1. Rock Around The Clock-Bill Haley & The Comets-Decca Records-1954
2. Maybellene-Chuck Berry-Chess Records-1955
While some other candidates were tremendously influential on a regional basis or earned a seminal ranking in retrospect, these two recordings affected listeners on a national and international level during the 1950s in a way that few others did.
Recorded in April of 1954, Haley’s version of “Rock Around The Clock” admittedly didn’t set the world on fire upon its initial release. After hearing his daughter playing the record, director Richard Brooks opted to license the song from Milt Gabler at Decca Records for inclusion in his film, “Blackboard Jungle”. Hoping to boost sagging sales of the year-old recording, Gabler signed over the rights for a single dollar.
As the first rock’n’roll record to be featured in a motion picture, it quickly became an anthem for a generation of young rock and rollers, spending eight weeks at #1 on the pop charts in mid-1955. It served as the title song for the genre’s first full-length film a year later. It also made an unlikely international star out of the 31-year old former western swing bandleader and later came to represent the decade to younger listeners when it was included in the American Graffiti soundtrack and as the theme to the Happy Days television show. Visiting him backstage in London in 1968, John Lennon autographed a photo to Haley with the inscription, “To Bill- You started it all!”
Chuck Berry’s ability to blend his gift for songwriting with his primary influences- the jazzy guitar licks of Charlie Christian and Carl Hogan, the emotive blues of T-Bone Walker, and various country & western and novelty tunes is simply unique. “Maybellene”, and his string of hit records that followed, changed the scope of popular music forever. Sure, a number of other records spent 11 weeks atop the R&B chart in the 1950s, but “Maybellene” did so much more. While the major labels may have been able to sell cover versions of Fats Domino and Little Richard to White America, it simply never happened with Chuck. Berry and his music transcended racial and cultural barriers in the 1950s, turning millions on to this explosive new music.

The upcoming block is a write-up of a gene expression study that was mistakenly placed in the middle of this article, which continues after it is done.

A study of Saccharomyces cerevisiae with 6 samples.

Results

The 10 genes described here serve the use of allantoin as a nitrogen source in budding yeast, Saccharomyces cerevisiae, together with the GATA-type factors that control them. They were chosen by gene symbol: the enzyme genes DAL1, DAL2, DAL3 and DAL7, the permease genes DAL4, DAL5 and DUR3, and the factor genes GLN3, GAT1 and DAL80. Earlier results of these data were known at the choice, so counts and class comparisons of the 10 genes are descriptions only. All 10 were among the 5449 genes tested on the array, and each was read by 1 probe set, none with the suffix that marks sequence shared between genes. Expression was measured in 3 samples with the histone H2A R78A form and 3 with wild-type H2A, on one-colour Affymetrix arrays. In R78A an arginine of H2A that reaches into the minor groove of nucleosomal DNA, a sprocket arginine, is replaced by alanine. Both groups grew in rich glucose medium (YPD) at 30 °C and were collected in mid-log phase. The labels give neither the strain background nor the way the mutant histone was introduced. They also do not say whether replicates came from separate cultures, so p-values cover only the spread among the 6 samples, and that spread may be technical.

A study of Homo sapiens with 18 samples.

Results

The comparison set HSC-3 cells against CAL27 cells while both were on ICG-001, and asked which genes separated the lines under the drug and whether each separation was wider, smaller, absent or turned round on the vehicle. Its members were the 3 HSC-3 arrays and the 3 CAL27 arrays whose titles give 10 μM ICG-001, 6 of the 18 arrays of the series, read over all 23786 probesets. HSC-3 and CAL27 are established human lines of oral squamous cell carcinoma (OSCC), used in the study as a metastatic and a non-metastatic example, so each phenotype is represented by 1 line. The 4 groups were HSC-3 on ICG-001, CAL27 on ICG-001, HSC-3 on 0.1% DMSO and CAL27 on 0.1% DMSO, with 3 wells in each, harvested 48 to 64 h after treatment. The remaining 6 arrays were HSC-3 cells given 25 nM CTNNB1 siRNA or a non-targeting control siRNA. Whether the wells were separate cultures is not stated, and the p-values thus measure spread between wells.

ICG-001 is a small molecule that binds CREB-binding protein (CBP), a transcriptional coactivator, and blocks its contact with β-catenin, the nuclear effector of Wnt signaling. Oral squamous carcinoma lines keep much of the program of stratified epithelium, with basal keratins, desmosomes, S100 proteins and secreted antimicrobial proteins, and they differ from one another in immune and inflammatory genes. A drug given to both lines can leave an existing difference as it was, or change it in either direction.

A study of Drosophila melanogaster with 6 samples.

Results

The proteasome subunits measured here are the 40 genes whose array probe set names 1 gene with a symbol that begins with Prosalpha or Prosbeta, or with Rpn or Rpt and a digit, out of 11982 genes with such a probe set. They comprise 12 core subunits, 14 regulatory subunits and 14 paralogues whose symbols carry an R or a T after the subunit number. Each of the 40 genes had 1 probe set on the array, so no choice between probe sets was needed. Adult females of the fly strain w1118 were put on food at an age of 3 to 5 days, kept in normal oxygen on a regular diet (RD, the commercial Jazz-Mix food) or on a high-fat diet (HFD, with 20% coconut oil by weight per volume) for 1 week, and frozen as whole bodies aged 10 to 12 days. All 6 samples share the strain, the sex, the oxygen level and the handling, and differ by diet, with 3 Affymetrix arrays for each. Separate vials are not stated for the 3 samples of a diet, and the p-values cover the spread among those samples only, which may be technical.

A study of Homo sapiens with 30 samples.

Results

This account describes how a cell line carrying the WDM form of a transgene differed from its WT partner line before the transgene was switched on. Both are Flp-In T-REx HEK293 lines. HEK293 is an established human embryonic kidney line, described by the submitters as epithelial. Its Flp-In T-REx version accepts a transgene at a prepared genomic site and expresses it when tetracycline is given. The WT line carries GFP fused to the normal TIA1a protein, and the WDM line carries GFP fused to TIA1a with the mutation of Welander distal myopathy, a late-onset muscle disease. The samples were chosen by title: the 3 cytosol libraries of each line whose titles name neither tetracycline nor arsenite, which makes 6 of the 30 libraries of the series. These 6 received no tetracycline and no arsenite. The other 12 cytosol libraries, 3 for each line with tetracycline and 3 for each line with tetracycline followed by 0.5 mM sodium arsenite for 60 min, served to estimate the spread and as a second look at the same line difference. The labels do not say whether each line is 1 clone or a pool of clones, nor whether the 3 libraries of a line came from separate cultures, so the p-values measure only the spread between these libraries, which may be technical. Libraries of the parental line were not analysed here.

Equally notable, Berry’s talents influenced countless artists from Buddy Holly, Elvis Presley and the Everly Brothers to the Beatles and Rolling Stones. While it may not have been his biggest seller or most recognized composition, “Maybellene” got aspiring musicians and fans of the music to stand up and take notice.
Rocket 88-Jackie Brenston and His Delta Cats-Chess Records-1951
I’ve Got A Woman-Ray Charles-Atlantic Records-1954
Why Do Fools Fall in Love-Frankie Lymon and the Teenagers-Gee Records-1956
The Fat Man-Fats Domino-Imperial Records-1949/1950
That’s All Right-Elvis Presley-Sun Records-1954
These five Honorable Mention candidates sold anywhere from a few hundred thousand to a million-plus when they were first released, but are especially significant in the effect they had on aspiring artists. “Rocket 88”, featuring Ike Turner’s barrelhouse boogie-woogie piano may have just been the very first rock’n’roll record. Charles’ effective blend of gospel melody and R&B lyrics in 1954 was innovative and, to say the least, controversial, but set a trend that continues unabated today. “Why Do Fools Fall in Love” inspired thousands of untrained, inner-city youngsters to create five-part harmonies in the way that the Orioles’ “It’s Too Soon To Know” had done nearly a decade earlier, and briefly turned the 13-year old
Lymon into an international sensation. Fats Domino’s initial offering set the stage for dozens of magical Crescent City recordings, often coming out of the same Cosimo Matassa-run studio. While “That’s All Right” may not have had the national impact of, say, “Heartbreak Hotel”, Sun #209 not only started the career of the biggest and brightest star of all, it brought young talent like Carl Perkins, Johnny Cash, Jerry Lee Lewis, and Roy Orbison to the door’s of Sam Phillips’ Sun Studio, the same Memphis landmark that produced “Rocket 88” just a few years before.